The Battle of Marathon

The Battle of Marathon

The Battle of Marathon took place in 490BC between the people of Athens Greece and the people of Persia. The battle is one of the earliest recorded battles and is one of the most recognised for tactical deployment and military guile. Here we take a look at this famous battle and its outcome.

The Battle

Marathon Map

The Persians decided to invade Greek soil because of the Greek support for the Ionians who were protesting about their Persian conquerers. The Greeks were severely outnumbered in this battle but it did not worry the Hoplites in the slightest as they were ready to defend their land at any cost. The Greek and Persian armies met on the battlefield of Marathon that was located aprroximately twenty six miles from Athens. The Persians were happy with their choice of venue as it was a flat field that was perfect for their troops and cavalry although the outcome was very unexpected.

The Generals

Miltiades

One of the best known Greek generals of this battle was Miltiades. He called for his soldiers to be brave and attack the enemy with confidence and bravery. The other generals were less enthusiaistic with Miltiades's tactics but none the less agreed to cooperate. The plan was to form a long line of men that mirrored the Persian men and then to attack running straight at the line confronting them.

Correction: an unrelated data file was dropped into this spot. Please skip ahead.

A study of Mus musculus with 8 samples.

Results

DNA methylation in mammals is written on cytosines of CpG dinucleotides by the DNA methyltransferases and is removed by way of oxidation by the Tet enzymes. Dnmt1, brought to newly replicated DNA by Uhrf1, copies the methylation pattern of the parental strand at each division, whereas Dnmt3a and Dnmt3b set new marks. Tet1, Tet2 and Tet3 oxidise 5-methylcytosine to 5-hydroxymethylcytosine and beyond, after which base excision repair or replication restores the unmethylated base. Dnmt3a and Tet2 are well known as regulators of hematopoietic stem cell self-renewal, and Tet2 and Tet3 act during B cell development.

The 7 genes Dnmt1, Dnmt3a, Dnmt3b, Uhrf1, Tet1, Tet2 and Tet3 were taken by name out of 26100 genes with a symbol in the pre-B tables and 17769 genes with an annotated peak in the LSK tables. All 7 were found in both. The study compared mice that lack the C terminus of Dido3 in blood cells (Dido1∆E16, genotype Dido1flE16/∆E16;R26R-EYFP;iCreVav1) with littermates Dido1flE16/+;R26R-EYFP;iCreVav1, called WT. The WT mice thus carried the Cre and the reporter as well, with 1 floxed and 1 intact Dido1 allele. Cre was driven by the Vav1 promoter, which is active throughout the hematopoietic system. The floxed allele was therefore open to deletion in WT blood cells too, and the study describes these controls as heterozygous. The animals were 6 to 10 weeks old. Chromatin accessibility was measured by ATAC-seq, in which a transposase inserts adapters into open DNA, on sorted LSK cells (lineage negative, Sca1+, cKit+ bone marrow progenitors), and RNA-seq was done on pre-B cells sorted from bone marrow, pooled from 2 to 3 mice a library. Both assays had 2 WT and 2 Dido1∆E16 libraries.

The Persians thought this strategy insane believing they would easily defeat the Hoplites as a consequence. The Greek central line did in fact collapse but both flanks remained in tact, while both ends came together surrounding the enemy in the centre and destroying them in a battle that was one of huge slaughter. It is believed that some six to seven thousand Persians perished while the Greeks only lost one hundred and ninety two men. It was indeed a great victory for Miltiades.

The Persians who survived the slaughter ran for their ships and set sail for Athens with the intention of taking it over but the Greeks were on to the enemy and made their way back to Athens beating the Persians to it. The Persians set sail once again in retreat and returned to their native Asia.

The Marathon Race

Pheidippides

Running the Marathon is an ambition of many athletes and it is one of the big events of all Olympic Games. Why is this race called the Marathon? The answer goes back to the Battle of Marathon fought between the Greeks and the Persians. The Greeks as we said won a resounding victory at Marathon and wanted all to know of it as soon as possible. Pheidippides was a Greek messenger who ran the 26.2 miles from Marathon to Athens to inform the city of their great victory. It is said that on announcing the result of the battle Pheidippides collapsed and died. Today our athletes train for months to gain stamina and strength to run this gruelling race and as a result thankfully most do not collapse at the end of the run.